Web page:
A worker manipulates a cask of molten iron during cookware production at the Lodge Manufacturing Co. factory in South Pittsburg, Tennessee, March 7, 2022.
Luke Sharrett | Bloomberg | Getty Images
The U.S. economy added 390,000 jobs in May, better than expected despite fears of an economic slowdown and with a roaring pace of inflation, the Bureau of Labor Statistics reported Friday.
At the same time, the unemployment rate held at 3.6%, just above the lowest level since December 1969.
Economists surveyed by Dow Jones had been looking for nonfarm payrolls to expand by 328,000 and the unemployment rate to edge lower to 3.5%.
“Despite the slight cooldown, the tight labor market is clearly sticking around and is shrugging off fears of a downturn,” said Daniel Zhao, Glassdoor’s senior economist. “We continue to see signs of a healthy and competitive job market, with no signs of stepping on the brakes yet.”
Average hourly earnings increased 0.3% from April, slightly lower than the 0.4% estimate. The year-over-year increase for wages of 5.2% was in line with expectations.
Stock market futures were volatile and pointed to a lower open on Wall Street following the report. Government bond yields moved higher.
Job gains were broad-based. Leisure and hospitality led, adding 84,000 positions. Professional and business services rose by 75,000, transportation and warehousing contributed 47,000, and construction jobs increased by 36,000.
Other areas that saw notable gains included state government education (36,000), private education (33,000), health care (28,000), manufacturing (18,000) and wholesale trade (14,000).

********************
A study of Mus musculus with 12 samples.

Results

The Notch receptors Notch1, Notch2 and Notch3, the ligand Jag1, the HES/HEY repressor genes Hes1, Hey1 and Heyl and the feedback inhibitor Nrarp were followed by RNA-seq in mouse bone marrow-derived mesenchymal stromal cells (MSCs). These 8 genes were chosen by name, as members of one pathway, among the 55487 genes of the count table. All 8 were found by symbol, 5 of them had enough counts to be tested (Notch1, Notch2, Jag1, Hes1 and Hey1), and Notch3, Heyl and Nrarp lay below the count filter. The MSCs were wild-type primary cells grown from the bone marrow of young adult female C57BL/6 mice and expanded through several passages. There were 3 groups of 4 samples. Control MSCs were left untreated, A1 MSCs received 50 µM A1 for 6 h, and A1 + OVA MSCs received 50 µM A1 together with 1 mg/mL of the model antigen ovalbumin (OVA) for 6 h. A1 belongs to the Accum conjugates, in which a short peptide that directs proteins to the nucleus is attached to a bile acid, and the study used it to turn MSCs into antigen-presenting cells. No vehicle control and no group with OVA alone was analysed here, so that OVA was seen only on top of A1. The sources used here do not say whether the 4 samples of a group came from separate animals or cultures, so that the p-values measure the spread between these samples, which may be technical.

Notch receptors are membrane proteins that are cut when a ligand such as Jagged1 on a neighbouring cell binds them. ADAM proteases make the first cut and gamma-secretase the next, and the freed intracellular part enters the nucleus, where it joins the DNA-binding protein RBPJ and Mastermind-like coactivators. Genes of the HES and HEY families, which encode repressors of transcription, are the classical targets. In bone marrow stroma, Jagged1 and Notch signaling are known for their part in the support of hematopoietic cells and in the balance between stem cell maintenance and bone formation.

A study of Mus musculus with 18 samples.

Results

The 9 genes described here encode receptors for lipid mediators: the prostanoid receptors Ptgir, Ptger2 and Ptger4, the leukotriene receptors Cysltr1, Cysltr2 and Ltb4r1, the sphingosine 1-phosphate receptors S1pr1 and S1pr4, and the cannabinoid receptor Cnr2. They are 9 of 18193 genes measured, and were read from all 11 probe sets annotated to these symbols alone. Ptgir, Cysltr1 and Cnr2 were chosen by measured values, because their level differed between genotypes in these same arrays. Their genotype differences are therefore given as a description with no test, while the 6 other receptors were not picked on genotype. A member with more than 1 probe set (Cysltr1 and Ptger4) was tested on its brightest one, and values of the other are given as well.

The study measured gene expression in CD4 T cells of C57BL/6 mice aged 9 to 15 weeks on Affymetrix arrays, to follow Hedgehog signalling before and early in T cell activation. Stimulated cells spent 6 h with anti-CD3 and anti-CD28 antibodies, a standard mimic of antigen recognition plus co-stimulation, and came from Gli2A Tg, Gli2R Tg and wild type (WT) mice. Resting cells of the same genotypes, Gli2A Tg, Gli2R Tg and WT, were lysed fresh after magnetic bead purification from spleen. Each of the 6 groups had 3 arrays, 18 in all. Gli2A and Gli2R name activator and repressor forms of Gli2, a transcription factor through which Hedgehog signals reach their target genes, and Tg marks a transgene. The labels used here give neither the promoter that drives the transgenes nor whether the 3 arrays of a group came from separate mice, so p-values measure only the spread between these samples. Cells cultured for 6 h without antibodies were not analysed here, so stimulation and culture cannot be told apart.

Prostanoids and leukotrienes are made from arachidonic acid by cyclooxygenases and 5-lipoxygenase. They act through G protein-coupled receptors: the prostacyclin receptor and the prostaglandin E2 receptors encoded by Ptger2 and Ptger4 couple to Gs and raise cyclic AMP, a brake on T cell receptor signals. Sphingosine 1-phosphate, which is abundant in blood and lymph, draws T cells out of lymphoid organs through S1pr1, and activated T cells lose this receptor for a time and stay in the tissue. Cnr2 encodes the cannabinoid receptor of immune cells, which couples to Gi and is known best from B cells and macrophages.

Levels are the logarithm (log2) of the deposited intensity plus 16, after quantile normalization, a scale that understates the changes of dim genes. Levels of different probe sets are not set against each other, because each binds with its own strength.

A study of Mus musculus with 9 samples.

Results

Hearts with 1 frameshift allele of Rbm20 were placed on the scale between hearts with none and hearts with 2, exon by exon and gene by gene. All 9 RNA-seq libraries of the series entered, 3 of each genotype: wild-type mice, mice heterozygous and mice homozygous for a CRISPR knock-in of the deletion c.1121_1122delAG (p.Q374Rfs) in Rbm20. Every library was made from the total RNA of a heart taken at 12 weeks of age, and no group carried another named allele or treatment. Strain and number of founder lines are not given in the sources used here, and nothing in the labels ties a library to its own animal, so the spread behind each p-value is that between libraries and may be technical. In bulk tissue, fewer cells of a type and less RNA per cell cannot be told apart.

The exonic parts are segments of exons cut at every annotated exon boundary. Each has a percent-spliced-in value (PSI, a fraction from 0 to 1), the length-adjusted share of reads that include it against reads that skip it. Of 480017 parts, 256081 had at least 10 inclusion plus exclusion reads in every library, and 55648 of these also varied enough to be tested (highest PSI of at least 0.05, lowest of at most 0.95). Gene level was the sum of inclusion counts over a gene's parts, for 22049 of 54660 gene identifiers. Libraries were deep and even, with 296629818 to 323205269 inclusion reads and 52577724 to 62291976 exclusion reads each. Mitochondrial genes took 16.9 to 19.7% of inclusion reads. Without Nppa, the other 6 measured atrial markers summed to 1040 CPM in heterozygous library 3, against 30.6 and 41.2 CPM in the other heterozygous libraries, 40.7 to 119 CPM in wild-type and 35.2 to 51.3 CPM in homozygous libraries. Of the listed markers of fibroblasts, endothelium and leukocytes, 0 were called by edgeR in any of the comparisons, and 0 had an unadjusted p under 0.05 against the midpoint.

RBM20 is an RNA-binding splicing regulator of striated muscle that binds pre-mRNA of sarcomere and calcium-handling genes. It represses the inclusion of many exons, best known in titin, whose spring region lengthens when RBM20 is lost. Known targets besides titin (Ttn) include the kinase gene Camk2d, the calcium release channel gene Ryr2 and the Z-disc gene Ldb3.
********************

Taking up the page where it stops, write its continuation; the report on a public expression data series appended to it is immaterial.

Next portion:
Retail trade took a hit on the month, however, losing 61,000 in May, though the BLS noted that the sector remains 159,000 above its February 2020 pre-pandemic level.
Despite the job gains, the BLS household survey showed that the labor market has yet to recover all the positions lost during the pandemic. Total employment remains 440,000 below the pre-Covid level.
Labor force participation edged higher, rising to 62.3% though still 1.1 percentage points below February 2020, as the labor force is smaller by 207,000 from that mark.
A more encompassing measure of unemployment that takes into account those not looking for jobs and those holding part-time positions for economic reasons moved higher to 7.1%, up one-tenth of a percentage point from April. Unemployment for Asians fell to 2.4%, the lowest in nearly three years, while the rate for Blacks was 6.2%, an increase of 0.3 percentage points.